The pure play on the still-strong international tobacco market, Philip Morris International (NYSE:PM) reported higher earnings last week and a wealth of data suggesting that smoking shows little sign of fading in regions outside of the United States and some European countries. Asia, in particular, is a smoker's paradise and continues to provide Philip Morris International a source of growth alongside other emerging markets. But after years of attractive growth coupled with a healthy dividend, Philip Morris now faces the challenge of continuing its impressive run. With a recent cut in earnings guidance, is the international cigarette giant headed for rougher times ahead?
For the third quarter, Philip Morris was able to deliver some impressive bottom-line figures, despite weak top-line growth. The company saw its reported diluted earnings per share grow by more than 9% to $1.44, up from $1.32 in the year-ago quarter. With currency issues taken out of the equation, earnings grew an even fatter 15.1% to $1.53 per share.
The gains came despite a relatively substantial decrease in cigarette shipment volumes -- down 5.7% to 223.1 billion units. Net revenues barely climbed, up just 0.1% for the quarter. Outside of the currency issue and excise taxes, adjusted net revenue gained 1.6%.
Looking ahead, Philip Morris faces a couple of issues that have forced management to revise guidance downward. For one, the company will take a $0.01 per-share tax charge related to the American Taxpayer Relief Act of 2012, and an additional $0.03 per share in restructuring fees. However, the bearishness is not purely a result of one-time events, as management did acknowledge concern for sales weakness in various markets. Still, the company has again bumped up its dividend by more than 10%.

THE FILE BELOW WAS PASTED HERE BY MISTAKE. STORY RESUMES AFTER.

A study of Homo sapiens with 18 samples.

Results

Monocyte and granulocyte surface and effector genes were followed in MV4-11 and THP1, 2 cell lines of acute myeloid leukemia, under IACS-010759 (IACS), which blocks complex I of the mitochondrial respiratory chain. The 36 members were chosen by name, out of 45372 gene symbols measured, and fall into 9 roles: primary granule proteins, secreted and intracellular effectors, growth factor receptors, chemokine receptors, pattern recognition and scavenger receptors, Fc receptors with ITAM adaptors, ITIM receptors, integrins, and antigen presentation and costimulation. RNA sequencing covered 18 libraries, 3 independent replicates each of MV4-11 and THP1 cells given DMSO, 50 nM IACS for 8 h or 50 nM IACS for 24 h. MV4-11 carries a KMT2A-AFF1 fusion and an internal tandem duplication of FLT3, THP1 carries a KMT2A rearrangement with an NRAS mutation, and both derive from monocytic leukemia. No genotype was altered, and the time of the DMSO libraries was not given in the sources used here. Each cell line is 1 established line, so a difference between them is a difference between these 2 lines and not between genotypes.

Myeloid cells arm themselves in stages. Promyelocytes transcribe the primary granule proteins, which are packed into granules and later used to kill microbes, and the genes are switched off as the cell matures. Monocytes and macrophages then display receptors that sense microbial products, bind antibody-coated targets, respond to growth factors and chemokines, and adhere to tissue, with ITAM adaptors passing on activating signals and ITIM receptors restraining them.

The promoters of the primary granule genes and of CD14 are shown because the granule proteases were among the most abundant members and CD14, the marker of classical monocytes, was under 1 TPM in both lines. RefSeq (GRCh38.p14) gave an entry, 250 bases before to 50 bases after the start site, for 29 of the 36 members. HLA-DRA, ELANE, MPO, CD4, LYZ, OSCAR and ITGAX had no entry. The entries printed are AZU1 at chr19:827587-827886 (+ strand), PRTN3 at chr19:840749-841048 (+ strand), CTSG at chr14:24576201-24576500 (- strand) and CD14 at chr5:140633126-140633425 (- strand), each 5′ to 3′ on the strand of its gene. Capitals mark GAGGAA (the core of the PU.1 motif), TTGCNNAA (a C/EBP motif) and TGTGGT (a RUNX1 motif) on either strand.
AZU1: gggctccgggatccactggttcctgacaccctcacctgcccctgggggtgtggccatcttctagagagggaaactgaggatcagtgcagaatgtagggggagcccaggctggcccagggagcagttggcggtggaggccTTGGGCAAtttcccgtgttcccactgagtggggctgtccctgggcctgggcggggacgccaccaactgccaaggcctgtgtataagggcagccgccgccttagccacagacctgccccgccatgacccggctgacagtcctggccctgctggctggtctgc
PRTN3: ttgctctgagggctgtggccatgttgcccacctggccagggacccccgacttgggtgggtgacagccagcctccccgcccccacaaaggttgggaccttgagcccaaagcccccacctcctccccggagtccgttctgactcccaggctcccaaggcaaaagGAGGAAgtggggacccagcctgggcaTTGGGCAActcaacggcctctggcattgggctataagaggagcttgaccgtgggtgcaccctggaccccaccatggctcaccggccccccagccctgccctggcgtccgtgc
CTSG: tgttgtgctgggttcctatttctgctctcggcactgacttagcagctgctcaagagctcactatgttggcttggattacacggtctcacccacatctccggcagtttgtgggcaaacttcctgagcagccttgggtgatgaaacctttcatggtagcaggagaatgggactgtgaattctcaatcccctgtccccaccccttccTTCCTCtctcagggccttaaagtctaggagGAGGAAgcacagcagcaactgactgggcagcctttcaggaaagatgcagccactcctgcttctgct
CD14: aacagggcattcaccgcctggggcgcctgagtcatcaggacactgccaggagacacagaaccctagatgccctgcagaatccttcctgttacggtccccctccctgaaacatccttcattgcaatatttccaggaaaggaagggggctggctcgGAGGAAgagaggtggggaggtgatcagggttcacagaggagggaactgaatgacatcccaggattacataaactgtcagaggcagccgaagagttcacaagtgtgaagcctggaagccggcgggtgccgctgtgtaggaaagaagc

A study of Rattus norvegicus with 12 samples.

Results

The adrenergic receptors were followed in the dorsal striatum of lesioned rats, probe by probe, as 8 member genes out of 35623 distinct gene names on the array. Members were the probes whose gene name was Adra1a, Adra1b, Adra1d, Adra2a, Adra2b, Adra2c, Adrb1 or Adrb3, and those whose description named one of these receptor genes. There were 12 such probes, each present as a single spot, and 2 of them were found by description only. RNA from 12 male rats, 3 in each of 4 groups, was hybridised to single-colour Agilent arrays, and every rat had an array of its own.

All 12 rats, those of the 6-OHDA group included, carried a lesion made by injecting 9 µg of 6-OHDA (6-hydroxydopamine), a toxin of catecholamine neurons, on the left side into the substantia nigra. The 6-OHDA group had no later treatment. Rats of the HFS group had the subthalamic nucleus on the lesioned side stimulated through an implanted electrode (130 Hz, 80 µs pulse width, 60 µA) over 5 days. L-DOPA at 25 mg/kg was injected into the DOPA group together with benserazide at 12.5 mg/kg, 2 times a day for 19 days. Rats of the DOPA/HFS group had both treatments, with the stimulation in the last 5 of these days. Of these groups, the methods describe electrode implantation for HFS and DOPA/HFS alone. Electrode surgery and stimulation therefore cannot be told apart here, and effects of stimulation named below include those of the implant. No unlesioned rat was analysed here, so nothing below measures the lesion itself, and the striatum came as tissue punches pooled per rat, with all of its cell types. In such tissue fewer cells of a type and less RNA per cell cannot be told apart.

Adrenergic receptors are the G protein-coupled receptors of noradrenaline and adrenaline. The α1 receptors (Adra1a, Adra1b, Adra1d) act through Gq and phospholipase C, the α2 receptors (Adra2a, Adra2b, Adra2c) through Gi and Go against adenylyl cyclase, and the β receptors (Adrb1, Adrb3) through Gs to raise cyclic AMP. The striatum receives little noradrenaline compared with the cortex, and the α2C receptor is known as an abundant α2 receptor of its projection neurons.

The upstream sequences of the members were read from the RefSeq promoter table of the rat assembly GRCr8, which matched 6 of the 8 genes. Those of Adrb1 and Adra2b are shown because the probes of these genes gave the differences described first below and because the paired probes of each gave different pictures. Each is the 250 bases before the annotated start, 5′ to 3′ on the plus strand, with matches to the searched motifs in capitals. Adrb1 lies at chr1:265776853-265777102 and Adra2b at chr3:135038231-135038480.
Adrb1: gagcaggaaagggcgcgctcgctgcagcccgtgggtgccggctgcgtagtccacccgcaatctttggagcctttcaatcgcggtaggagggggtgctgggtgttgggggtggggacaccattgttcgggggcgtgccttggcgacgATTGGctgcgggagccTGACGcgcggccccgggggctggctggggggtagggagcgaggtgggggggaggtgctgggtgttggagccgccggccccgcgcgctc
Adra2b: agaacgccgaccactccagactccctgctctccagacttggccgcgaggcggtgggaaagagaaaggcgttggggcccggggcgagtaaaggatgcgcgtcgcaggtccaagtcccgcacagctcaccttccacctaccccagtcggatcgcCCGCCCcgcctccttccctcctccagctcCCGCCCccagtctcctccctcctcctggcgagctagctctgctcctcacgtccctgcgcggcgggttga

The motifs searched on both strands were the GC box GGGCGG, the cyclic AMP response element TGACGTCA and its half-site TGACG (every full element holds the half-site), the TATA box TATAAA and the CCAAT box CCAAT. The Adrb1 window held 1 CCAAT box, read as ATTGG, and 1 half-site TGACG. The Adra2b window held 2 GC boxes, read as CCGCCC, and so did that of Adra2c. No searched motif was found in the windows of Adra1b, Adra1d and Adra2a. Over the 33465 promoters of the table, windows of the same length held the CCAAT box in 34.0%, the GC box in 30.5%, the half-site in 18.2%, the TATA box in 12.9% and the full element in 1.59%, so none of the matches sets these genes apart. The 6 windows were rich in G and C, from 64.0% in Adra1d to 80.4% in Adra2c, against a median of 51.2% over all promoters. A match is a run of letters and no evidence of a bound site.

Investors should take away the following from this quarter: Tax-paid cigarette sales volumes are, as predicted, showing some decline in various markets. However, the company's brands are able to price in such a way that cash flow and earnings remain impressive, and likely will for the foreseeable future. Basically, the company has levers to pull as top-line sales face challenges.
The big-picture question here is whether cigarettes will one day be a vice enjoyed by only a health-irreverent few. Obviously, in more developed nations such as the U.S., Canada, and much of Europe, cigarette consumption has already experienced vast declines from its heyday.
One can assume over the ultra-long-term that worldwide smoking rates will eventually decline as more global citizens are increasingly educated on the risks involved. However, this does not spell imminent death for Philip Morris (or any other tobacco player, for that matter). The key to Philip Morris' success going forward is emerging market share -- something it has plenty of. Even in the European Union, where smoking is trending down fast (from 40% to 28% in the last few years, according to the European Parliament), management is encouraged by favorable market share trends. In Asia, smoking rates are actually rising.
With the company trading at under 15 times earnings and with still-fantastic cash flow, the income-seeking investor should not shy away from Philip Morris International.